Professor awarded $3.18M NIH grant to support identification of developmental language disorders in English language learners
The existing test has to be administered by a bilingual speech-language pathologist, however, which can create resource constraints. The American Speech-Language-Hearing Association has a membership of roughly 175,000, but only four percent – or roughly 7,000 - speak another language, Peña said.
Meanwhile, 20 percent of children in the U.S. entering school speak another language. In California, 40 percent of children entering school speak another language.
Combined, there are considerably more children who are English learners than can be currently served, Peña explains.
“This means that children may be under-identified for language impairment when testing is needed but not administered, and over-identified as having a language impairment later when no language impairment may exist.”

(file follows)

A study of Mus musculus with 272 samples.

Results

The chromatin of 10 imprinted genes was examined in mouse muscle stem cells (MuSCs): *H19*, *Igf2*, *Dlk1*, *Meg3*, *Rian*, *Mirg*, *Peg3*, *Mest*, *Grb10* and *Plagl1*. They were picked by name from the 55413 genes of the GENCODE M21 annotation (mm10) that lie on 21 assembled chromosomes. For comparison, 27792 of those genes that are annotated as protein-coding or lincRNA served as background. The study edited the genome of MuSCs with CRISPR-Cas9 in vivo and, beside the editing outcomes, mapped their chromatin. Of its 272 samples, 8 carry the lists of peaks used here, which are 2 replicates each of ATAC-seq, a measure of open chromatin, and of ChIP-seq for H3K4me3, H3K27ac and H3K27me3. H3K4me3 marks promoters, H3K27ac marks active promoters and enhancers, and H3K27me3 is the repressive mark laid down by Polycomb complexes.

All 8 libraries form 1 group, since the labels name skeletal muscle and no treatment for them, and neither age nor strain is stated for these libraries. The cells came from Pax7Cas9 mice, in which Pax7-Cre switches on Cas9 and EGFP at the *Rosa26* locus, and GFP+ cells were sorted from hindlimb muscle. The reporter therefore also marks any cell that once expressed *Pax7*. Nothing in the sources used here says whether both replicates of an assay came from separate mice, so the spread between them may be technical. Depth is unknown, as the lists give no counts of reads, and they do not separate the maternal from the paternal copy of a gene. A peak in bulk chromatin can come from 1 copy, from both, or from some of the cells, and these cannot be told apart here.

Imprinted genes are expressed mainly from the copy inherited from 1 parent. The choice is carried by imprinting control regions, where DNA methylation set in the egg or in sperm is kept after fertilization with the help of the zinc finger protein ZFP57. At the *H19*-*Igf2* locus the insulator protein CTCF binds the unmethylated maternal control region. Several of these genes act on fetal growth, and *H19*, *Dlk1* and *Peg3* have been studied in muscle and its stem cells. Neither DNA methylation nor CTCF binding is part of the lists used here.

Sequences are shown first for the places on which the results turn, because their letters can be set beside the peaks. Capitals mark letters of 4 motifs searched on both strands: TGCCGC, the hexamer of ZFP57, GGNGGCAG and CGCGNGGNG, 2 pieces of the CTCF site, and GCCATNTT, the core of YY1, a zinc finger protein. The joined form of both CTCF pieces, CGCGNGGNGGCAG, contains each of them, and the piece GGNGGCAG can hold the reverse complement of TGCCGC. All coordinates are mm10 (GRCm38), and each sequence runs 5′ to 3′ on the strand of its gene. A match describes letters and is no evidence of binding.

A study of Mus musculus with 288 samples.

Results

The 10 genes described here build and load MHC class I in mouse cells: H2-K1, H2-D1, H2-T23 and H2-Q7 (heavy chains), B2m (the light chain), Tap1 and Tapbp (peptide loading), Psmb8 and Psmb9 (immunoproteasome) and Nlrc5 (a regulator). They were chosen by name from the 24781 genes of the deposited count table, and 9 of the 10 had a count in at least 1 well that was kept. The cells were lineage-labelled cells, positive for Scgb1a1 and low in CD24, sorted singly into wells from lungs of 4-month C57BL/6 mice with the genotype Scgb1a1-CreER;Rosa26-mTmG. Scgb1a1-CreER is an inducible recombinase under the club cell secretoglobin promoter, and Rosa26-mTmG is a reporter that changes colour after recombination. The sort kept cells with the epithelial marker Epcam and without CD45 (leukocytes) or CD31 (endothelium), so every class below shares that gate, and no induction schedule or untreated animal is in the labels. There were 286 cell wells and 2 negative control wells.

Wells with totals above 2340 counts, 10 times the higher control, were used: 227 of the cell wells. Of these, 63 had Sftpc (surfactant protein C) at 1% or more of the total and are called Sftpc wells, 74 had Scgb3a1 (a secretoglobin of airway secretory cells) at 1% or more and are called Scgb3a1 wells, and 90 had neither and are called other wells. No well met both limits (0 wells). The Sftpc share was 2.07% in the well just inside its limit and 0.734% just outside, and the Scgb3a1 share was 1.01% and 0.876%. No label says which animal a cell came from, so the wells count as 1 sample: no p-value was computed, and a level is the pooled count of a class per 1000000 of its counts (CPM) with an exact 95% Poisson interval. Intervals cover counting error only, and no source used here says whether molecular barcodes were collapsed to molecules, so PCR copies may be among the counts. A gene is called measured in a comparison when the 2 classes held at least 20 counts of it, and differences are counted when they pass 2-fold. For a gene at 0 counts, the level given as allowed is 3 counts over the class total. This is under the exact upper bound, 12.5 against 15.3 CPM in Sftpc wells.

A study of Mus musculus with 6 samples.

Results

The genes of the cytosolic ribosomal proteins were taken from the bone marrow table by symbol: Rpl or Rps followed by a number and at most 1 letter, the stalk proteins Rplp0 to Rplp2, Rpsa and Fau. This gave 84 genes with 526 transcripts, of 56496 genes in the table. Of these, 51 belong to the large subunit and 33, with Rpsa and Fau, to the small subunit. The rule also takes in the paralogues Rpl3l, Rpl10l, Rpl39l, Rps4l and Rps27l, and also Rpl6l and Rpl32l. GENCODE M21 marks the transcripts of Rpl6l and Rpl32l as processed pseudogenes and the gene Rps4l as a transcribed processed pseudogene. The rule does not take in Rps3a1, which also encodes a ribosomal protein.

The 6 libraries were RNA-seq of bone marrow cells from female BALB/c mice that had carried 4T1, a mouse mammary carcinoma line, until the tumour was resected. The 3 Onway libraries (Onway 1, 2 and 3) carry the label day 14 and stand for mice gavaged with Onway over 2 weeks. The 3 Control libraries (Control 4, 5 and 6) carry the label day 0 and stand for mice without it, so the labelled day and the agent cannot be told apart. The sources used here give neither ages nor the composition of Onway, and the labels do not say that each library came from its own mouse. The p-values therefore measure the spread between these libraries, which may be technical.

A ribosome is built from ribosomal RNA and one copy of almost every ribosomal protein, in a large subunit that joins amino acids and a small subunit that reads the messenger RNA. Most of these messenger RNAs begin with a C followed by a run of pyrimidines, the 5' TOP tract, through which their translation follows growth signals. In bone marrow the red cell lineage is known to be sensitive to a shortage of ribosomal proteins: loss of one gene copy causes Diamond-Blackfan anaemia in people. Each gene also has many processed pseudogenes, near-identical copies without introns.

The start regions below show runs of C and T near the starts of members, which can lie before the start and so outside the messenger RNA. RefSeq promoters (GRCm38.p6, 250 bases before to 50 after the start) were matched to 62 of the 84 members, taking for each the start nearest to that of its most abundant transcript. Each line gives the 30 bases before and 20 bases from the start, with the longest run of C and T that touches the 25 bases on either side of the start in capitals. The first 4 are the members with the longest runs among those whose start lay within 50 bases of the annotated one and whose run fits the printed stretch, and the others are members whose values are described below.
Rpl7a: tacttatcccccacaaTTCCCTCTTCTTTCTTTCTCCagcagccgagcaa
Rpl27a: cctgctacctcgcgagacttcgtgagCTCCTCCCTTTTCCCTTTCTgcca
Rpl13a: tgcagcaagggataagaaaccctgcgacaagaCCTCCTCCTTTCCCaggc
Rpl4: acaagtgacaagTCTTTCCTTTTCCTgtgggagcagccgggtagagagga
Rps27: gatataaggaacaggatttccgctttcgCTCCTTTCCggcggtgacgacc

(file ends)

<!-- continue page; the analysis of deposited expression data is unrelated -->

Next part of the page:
The TELL test will target Spanish- and Vietnamese-speaking English Language Learners (ELLs), ages four to nine, in both their first language and in English. Speech-language pathologists and special educators who need to assess bilingual children’s language ability will be able to use computers or tablets to administer TELL.
“This is a completely new approach,” Peña said. "The two groups of children that will be tested - 525 Spanish ELLs and 525 Vietnamese ELLs - use very different languages."
Peña, who is also associate dean of faculty development and diversity, is a certified speech-language pathologist, a fellow of the American Speech Language Hearing Association, a fellow of the Center for Advanced Study in the Behavioral Sciences at Stanford University, and director of UCI's Human Abilities in Bilingual Language Acquisition (HABLA) lab. Her research focuses on two lines of inquiry that address the goal of differentiating language impairment from language difference. These two interrelated areas include dynamic assessment and semantic development in bilinguals leading to test development.
In October 2019,Peña received a $1.25 million, five-year training grant from the U.S. Department of Education (Office of Special Education and Rehabilitation Services) to develop a Special Education emphasis in the School of Education’s doctoral program. Read more.